Chancellor of the Order of the Garter

The Chancellor of the Order of the Garter is an officer of the Order of the Garter.

Officers of the Order of the Garter (left to right): Secretary (barely visible), Gentleman Usher of the Black Rod, Garter Principal King of Arms, Register, Prelate, Chancellor

History of the officeEdit

When the Order of the Garter was founded in 1348 at St George's Chapel, Windsor Castle, by Edward III of England three officers were initially appointed to serve them, the Prelate, the Register and the Usher. In 1477 Edward IV decreed that the further position of Chancellor should be created to be responsible for the seal and its use. Accommodation was to be provided in what came to be called the Chancellor's Tower. The position of Chancellor was to be second in seniority to the Prelate and was granted to Richard Beauchamp, Bishop of Salisbury, and his successors in that position. At that time Windsor Chapel lay geographically in the See of Salisbury, although as a royal chapel it did not come under the direct jurisdiction of the Bishop.[1]

The unbroken succession of Bishops of Salisbury came to an end in 1551 when Sir William Cecil was made Chancellor by Edward VI, after which a succession of lay Chancellors were appointed.[1]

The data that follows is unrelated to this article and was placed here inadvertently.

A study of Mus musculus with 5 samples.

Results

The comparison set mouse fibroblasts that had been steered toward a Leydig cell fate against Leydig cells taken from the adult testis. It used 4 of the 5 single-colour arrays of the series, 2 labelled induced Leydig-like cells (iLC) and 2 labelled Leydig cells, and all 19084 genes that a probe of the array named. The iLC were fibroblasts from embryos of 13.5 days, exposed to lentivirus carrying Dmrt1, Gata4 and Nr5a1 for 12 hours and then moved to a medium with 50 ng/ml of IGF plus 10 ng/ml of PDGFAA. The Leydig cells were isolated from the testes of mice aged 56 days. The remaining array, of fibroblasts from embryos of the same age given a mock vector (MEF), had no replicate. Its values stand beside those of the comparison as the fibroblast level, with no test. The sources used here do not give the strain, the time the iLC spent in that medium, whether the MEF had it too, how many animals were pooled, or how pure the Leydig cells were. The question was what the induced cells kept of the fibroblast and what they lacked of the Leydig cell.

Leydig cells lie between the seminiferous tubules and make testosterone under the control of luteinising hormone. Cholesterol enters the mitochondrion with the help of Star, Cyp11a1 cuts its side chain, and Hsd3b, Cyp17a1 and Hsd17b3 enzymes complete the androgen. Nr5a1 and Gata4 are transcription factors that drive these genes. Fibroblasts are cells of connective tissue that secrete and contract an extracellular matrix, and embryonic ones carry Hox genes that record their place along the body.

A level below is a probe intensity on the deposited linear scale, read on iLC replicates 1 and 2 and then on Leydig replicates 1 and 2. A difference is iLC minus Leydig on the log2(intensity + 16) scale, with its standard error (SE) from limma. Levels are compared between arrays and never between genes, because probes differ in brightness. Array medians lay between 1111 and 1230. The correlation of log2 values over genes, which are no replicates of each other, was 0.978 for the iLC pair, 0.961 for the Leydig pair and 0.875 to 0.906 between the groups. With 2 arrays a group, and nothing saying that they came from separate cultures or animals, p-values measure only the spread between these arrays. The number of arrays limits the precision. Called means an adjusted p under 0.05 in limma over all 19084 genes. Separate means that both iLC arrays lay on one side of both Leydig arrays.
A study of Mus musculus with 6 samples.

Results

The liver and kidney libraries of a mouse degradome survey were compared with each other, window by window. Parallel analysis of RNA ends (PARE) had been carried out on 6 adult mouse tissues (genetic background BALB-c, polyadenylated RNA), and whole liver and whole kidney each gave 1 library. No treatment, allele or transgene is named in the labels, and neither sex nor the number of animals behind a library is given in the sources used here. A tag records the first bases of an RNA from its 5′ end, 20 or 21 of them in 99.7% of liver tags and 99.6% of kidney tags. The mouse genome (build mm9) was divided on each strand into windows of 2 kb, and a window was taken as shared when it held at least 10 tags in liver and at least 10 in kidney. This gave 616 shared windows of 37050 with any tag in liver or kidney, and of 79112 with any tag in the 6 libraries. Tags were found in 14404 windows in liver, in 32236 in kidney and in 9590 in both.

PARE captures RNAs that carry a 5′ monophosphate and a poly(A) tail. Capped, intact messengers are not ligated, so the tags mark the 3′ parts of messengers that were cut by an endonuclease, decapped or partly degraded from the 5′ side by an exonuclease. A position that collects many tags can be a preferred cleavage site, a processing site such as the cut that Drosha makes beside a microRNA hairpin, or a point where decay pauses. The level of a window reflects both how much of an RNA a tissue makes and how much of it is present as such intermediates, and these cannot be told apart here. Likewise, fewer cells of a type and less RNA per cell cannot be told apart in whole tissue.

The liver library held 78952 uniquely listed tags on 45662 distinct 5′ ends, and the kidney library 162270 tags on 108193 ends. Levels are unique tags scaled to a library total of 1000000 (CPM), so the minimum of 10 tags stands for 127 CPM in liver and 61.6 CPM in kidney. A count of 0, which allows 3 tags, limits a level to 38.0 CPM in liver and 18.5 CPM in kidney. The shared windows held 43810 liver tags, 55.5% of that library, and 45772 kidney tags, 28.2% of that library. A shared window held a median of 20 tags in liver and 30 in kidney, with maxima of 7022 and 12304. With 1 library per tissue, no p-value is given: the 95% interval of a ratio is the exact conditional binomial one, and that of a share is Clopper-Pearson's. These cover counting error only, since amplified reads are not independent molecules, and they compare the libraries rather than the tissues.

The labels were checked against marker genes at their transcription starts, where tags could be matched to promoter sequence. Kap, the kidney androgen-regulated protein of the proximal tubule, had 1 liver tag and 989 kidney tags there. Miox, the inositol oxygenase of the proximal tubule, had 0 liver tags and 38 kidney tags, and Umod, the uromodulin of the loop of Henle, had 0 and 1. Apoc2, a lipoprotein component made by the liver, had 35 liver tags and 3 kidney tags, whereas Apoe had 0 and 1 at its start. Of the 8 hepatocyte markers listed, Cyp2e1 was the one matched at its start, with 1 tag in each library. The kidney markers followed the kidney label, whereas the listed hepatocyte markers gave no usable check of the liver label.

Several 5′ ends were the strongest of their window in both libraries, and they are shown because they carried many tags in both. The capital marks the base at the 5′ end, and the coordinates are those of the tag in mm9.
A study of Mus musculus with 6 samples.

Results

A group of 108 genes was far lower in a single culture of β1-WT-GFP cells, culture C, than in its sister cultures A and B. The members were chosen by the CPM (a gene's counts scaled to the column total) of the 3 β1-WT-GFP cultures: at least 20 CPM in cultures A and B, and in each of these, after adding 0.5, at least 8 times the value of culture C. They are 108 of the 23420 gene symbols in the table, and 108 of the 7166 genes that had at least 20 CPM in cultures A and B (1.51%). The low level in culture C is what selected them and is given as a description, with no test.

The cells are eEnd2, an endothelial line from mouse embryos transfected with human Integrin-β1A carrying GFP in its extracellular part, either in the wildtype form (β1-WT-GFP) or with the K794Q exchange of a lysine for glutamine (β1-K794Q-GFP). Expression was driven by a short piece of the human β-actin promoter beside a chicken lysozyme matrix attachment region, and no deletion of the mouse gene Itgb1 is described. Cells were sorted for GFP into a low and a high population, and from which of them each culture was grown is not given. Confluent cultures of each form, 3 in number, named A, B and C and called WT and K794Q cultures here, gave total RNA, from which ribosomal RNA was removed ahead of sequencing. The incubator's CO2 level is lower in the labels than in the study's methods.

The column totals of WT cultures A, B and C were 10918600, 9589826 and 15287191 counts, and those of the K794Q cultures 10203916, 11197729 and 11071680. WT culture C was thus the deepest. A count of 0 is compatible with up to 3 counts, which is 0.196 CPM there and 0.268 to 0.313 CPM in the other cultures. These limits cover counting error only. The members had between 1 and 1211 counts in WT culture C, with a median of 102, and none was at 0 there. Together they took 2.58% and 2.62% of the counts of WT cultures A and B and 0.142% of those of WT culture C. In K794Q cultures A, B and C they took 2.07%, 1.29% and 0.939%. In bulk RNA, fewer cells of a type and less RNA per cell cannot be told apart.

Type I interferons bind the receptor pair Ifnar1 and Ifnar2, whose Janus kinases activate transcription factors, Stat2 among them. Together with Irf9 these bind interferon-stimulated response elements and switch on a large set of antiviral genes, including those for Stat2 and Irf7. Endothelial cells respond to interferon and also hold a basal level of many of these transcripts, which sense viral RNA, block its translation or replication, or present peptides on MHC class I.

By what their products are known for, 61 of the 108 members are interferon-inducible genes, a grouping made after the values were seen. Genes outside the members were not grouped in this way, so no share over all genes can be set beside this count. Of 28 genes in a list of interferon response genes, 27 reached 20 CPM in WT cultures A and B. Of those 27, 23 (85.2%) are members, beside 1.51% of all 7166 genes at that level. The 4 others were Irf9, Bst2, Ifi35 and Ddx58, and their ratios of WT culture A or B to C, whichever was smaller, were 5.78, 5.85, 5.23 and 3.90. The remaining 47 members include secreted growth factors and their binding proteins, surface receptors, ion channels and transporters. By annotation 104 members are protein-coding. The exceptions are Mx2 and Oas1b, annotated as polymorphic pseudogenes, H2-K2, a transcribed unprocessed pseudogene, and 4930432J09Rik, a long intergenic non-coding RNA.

Following a number of petitions by successive Bishops of Salisbury, their right to hold the position was conceded in 1669 and on the death of Henry de Vic the honour reverted to the Bishops of Salisbury.[1]

In 1837 boundary changes made Windsor Castle fall in the diocese of Oxford and the Chancellorship was transferred to the Bishop of Oxford. A century later, the Bishop of Salisbury again challenged the loss of the office on the grounds that the Chancellorship had been attached to his office regardless of the diocese in which the chapel of the order lay and that, in any event, St George's Chapel, as a Royal Peculiar, was not under diocesan jurisdiction. The office of Chancellor was removed from the Bishop of Oxford (the outgoing bishop, Thomas Banks Strong, had been outspoken in the abdication crisis of Edward VIII), and withheld from his successors.

The office has since been held by one of the Knights Companion.

Chancellors of the Order of the GarterEdit

Bishops of SalisburyEdit

Lay ChancellorsEdit

Bishops of SalisburyEdit

Bishops of OxfordEdit

Knights Companion ChancellorsEdit


  1. ^ a b c Ashmole, Elias. The history of the most noble Order of the Garter. p. 189.
  2. ^ a b c d e f g h i j k l m n o p q r s t u Ashmole, Elias. The history of the most noble Order of the Garter. p. 543.
  3. ^ "No. 53843". The London Gazette. 8 November 1994. p. 15625.
  4. ^ a b "No. 60301". The London Gazette. 17 October 2012. p. 19937.